It was originally built as a pea cannery and it looks like it still might be one.

The only clue that something else is happening in the paint-peeled building with a towing and recovery company out front is a red neon sign in the shape of a roller skate followed by the words “-n FUN.”

Under that buzzing sign, generations of Pendleton skaters have celebrated birthdays, held hands for the first time and danced the night away at the Pendleton Skate City roller rink.

And yes, it’s still open. And it still features bright orange and yellow tables, disco lights, the Hungry Gator arcade game: an interactive time capsule on the outskirts of town.

Third time’s the charm

The rink was installed in the middle of the 1970s, the heyday of roller skating for American adults. For the first two years, owner Sandy Lindell said the place was “so crowded you couldn’t fall down if you wanted to.”

But fads come and go. Local profits weren’t reinvested in the building, the sport fell out of favor and the Pendleton rink fell into disrepair. The Lindells brought in another manager to run the place after the first ones left in the 1980s, but that didn’t go so well either. Things got worse.

“Mice were eating mice in here,” she said.

In 1989, after the rink had been closed for about a year, Sandy decided she wanted to give it another try. Her husband?Joe, who owned the building and the Blue Mountain Towing Company located within the same old pea cannery, said he had seen the skating business go bust twice already and wouldn’t invest another dime in the place.

“So I?took the change out of my purse, brought candy from my home and that was business,” Sandy said.

She brought in Lorraine White to manage the place. They mopped and cleaned, made their own prizes and heated nacho cheese in fondue pots they brought from home.

One of their best customers at that time was Nathan Kennedy, who now co-manages the place with White.

Kennedy, 38, calls White “mom,” not because they are blood relatives, but because it’s the quickest way to get her attention.

“I’ve got a son about Nathan’s age,”?explained White. “I?hear ‘mom’ and I?look.”

The two run the place in their spare time, for two hours a day from Friday through Sunday. Weekends are filled with birthday parties; some Saturdays as many as five will be going at once.

White and Kennedy play it up to help the birthday child feel like the center of attention. Sirens wail as the cake comes out, covered in candles, and the “Happy Birthday Song”?blares out over the the rink’s speakers as the skaters make their rounds.

Kennedy said many children enjoy the place while they are young.

“Their eyes just light up when they come in here,” said White.

A couple years later, however, many feel they are “too cool” to have anyone see them enjoying themselves.?But often around junior year in high school they begin to remember how much fun they had when they were younger and start to return. The rink is busy when there is a high school dance in town, and on prom night some skate in tuxedos and gowns.

A place for romance, or at least a good workout

Roller skating is affordable, said White. That gives them a leg up on other recreation options, especially when families cut back on nonessentials. Admission is $4, with an extra $1 or $2 if you need to rent skates. Those prices haven’t changed in decades, said White.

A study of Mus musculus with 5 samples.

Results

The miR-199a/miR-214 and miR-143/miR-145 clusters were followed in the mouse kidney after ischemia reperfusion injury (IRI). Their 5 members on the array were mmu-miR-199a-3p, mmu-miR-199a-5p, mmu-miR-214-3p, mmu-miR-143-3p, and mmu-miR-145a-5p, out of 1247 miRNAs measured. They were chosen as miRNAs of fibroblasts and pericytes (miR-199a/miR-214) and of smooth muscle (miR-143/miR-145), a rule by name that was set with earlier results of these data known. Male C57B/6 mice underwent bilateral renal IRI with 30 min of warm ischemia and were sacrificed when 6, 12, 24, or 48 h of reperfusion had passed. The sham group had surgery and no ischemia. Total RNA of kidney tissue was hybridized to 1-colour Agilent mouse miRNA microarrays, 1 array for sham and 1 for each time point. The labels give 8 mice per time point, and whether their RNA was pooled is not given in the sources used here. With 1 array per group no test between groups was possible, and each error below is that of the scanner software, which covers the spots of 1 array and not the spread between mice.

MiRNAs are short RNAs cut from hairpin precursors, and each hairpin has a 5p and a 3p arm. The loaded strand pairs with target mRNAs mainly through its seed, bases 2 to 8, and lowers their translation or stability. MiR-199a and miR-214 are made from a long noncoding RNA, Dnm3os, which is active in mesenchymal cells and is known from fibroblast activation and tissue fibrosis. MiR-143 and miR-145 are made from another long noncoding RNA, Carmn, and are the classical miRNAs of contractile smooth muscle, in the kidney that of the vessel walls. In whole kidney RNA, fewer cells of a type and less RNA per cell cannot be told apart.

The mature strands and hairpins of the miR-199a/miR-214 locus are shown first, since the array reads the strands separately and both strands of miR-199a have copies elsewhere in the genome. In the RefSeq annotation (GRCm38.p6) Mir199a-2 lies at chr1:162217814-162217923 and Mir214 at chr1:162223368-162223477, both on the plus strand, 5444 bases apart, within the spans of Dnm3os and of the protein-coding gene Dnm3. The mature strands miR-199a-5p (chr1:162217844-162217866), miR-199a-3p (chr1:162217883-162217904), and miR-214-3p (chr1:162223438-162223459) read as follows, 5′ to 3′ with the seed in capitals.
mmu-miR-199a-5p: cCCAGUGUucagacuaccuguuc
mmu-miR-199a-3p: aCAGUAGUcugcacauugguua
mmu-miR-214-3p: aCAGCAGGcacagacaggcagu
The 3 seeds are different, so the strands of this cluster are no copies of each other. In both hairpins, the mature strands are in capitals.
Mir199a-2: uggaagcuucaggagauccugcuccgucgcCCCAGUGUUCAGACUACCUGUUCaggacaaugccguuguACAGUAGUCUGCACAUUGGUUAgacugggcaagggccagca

It is a nostalgic and even romantic hobby, according to Kennedy. He met his wife at the rink and he knows of other couples who have done the same. They have performed weddings on site.

They entertain with music, new and old, a dice game that is sort of like musical chairs on roller skates and, depending on the age group, will open the floor to races or skating couples. The arcade is filled with “ticket games”?that children can redeem for prizes. They also have a rock climbing wall and a laser tag area that is not in operation because of electrical problems too expensive to fix. Their teen?New Year’s Eve Party is their busiest day of the year, attracting hundreds of youngsters, some of whom party and eat pancakes until 6 a.m. the next day.

Parties and special events make up much of their business, but there are regular visitors, too.?The women’s roller derby team from Walla Walla sometimes comes down to skate and there are repeat customers who can’t get enough of the meditation and exercise the oval provides.

Diana Davrainville, 62, is one of them. She has been making the nearly two-hour drive from her home in Summerville to the Pendleton rink each Sunday for the last 22 years.

“It’s as close to heaven as I’ll ever get,” she said. “My problems roll right onto that floor.”

She raised her daughter at the rink in La Grande, but it closed in the mid-1990s, kicking off a difficult time in Davrainville’s life.

“I?was in mourning,”?she said. “I?skated in the kitchen until I?started breaking dishes.”

Her husband heard about the rink in Pendleton and Davrainville said she was out the door before he finished telling her where it was.

When she arrived at Pendleton Skate City, Davrainville said she “gave everybody a hug, kissed the floor and told them I?was going to come as often as I?can.”

And she has. If gas were cheaper, she said she’d make the trip twice a week if not more.

“I?wish more people felt more strongly about roller skating as I do,” she said.

The rink managers do, too. Winters are their busiest time of year, but now they must compete with the taxpayer-funded outdoor skating rink at Roy Raley Park. And, of course, the ever-changing tastes?of American teenagers. For one generation, the rink may be the hangout. The next won’t be caught dead there.

Yet for nearly 40 years, the business has survived. And very few Pendleton residents don’t have a memory, however distant, of roller skates.

———

Contact Tim Trainor at ttrainor@eastoregonian.com, 541-966-0828 or on Twitter at @Tim_Trainor.